Night of the Lepus (1972) Movie Review
Written By: Angela DiLella
Edited By: Grave Reviews Staff
Director: William F. Claxton
Producers: A.C. Lyles
Writers: Don Holliday and Gene R. Kearney, based on The Year of the Angry Rabbit by Russell Braddon
Date Released: July 26, 1972
Stuart Whitman as Roy Bennett
Janet Leigh as Gerry Bennett
DeForest Kelley as Elgin
Rating = 2/5 Graves
***May contain some spoilers***
Experimental hormonal drugs are tested on a population of invasive rabbits, but two of the unexpected side effects are unchecked growth and insatiable bloodlust.
There are many victims of the vicious rabbits, but the blood is unmistakably paint and the corpses breathe. Rabbit lovers will find it harder to watch shots of rabbits being dispatched, as some are done with clever effects that look real, and other instances appear to have just been real.
The Grave Review
I’m not going to say that this movie managed to make rabbits terrifying and have completely reversed my personal opinions on rabbits. However, I can praise the movie and source book for taking a real-life issue (rabbit overpopulation in Australia) and using that to create a horror movie premise, no matter how silly it seems. I can also give the crew credit for trying to make the rabbits as scary as possible, spreading what appears to be jam on rabbit mouths for blood, taking advantage of rabbit yawns, and even adding sound effects and shaky camera effects when the “giant” rabbits running to make it seem as if they have real weight. It doesn’t really invoke horror, especially for rabbit owners who will recognize some behavior as that of happy or calm rabbits, but it seems like the cast and crew did their best with the story they had in front of them.
Although the movie’s quality of cast is higher than what you may expect from a movie like Night of the Lepus, it’s no shock that no one went home with any Oscars for this film. Even Janet Leigh, an alumnus of movies such as Alfred Hitchcock’s Psycho (1960) and Orson Welles’s Touch of Evil (1958), is easy to overlook. Then again, can we blame her for being unwilling, or more likely unable, to pull out the stops for a movie about giant killer rabbits?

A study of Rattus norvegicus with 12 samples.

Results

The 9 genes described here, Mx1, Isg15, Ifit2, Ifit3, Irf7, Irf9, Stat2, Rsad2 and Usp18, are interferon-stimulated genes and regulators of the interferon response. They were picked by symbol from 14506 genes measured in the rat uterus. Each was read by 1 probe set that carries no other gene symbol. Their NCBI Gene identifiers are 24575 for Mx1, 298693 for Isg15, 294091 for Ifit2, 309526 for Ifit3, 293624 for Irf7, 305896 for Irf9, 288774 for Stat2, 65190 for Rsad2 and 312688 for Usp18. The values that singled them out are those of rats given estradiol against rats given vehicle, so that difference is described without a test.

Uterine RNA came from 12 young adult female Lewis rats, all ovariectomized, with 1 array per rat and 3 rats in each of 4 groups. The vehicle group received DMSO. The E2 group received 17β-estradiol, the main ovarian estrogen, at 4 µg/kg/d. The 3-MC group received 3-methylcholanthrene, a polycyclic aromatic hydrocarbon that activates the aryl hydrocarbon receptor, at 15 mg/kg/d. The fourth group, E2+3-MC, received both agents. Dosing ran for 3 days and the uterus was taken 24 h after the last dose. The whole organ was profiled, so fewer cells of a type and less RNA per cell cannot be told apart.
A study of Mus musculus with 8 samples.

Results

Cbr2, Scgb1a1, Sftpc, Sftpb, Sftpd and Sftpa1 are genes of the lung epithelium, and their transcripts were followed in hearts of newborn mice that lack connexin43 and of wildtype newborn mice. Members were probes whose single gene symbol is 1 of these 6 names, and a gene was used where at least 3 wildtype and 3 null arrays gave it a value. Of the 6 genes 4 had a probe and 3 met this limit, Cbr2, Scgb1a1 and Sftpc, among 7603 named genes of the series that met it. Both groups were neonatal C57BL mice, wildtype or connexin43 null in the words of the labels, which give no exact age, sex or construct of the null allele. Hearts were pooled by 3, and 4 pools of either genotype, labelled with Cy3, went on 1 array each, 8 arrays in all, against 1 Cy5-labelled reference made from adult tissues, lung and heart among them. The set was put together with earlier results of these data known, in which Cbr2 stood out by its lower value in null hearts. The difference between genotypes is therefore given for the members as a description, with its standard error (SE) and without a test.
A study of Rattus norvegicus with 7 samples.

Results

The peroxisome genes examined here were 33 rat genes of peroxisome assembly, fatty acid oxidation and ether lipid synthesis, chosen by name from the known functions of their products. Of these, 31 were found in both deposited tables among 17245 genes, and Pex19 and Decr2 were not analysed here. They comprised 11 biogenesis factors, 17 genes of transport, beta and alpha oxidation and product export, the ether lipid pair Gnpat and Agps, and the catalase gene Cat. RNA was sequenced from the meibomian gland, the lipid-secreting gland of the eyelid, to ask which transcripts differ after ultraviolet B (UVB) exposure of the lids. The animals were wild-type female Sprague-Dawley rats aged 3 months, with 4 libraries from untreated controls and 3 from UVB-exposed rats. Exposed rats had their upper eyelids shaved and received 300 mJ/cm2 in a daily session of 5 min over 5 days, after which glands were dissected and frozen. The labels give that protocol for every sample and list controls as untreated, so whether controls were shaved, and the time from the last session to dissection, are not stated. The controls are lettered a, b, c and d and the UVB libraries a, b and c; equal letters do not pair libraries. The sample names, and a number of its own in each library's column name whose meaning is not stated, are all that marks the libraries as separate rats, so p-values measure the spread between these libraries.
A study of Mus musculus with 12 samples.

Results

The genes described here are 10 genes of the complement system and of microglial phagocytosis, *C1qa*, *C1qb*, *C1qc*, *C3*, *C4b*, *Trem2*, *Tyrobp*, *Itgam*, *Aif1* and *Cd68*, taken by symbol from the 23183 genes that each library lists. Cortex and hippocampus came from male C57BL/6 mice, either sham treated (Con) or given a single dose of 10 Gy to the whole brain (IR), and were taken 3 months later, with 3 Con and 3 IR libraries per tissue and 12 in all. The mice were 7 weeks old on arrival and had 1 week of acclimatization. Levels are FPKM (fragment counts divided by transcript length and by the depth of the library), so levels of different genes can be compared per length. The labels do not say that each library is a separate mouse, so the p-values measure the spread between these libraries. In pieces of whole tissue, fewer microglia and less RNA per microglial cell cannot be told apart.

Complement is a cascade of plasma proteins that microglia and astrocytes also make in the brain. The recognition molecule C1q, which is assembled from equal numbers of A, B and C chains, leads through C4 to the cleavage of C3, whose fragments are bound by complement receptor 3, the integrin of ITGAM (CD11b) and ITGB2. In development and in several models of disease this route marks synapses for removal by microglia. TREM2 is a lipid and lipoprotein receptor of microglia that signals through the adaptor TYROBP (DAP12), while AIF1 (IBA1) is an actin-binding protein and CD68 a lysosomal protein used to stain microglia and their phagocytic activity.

Night of the Lepus (1972) is probably only memorable at this point for its unusual premise, though the effects work deserves praise. Superimposed shots are done surprisingly carefully, and when rabbits are meant to be attacking herds of horses and cows, the cuts are done well enough that though I couldn’t suspend my disbelief, I could appreciate how well they were done. Usually, such cuts are done rather clumsily in killer animal movies, but the film editors put their time into making it work as well as it possibly could. The miniature sets are also well built, and I often found myself peering around the rabbits to try and catch poor builds because I didn’t quite believe the level of quality I was seeing from a movie about giant killer rabbits. When the rabbits were on their own, it worked to some degree, though rabbit attacks on humans were almost all done by what was clearly a man in fuzzy footie pajamas. (They should have just had the actors shake bags of treats!)
As a rabbit owner, this movie was both vexing for the fact that some of the effects that looked too real, and oddly effective at times for the fact that it made it easy to imagine what my rabbit would do if she was gigantic (she would attack me for limiting treat consumption). I don’t know if this is the sort of movie anyone really watches more than once, but if you like the subgenre, you should at least give it the one watch.
For the foregoing reasons, Grave Reviews gives Night of the Lepus (1972) two graves out of five graves.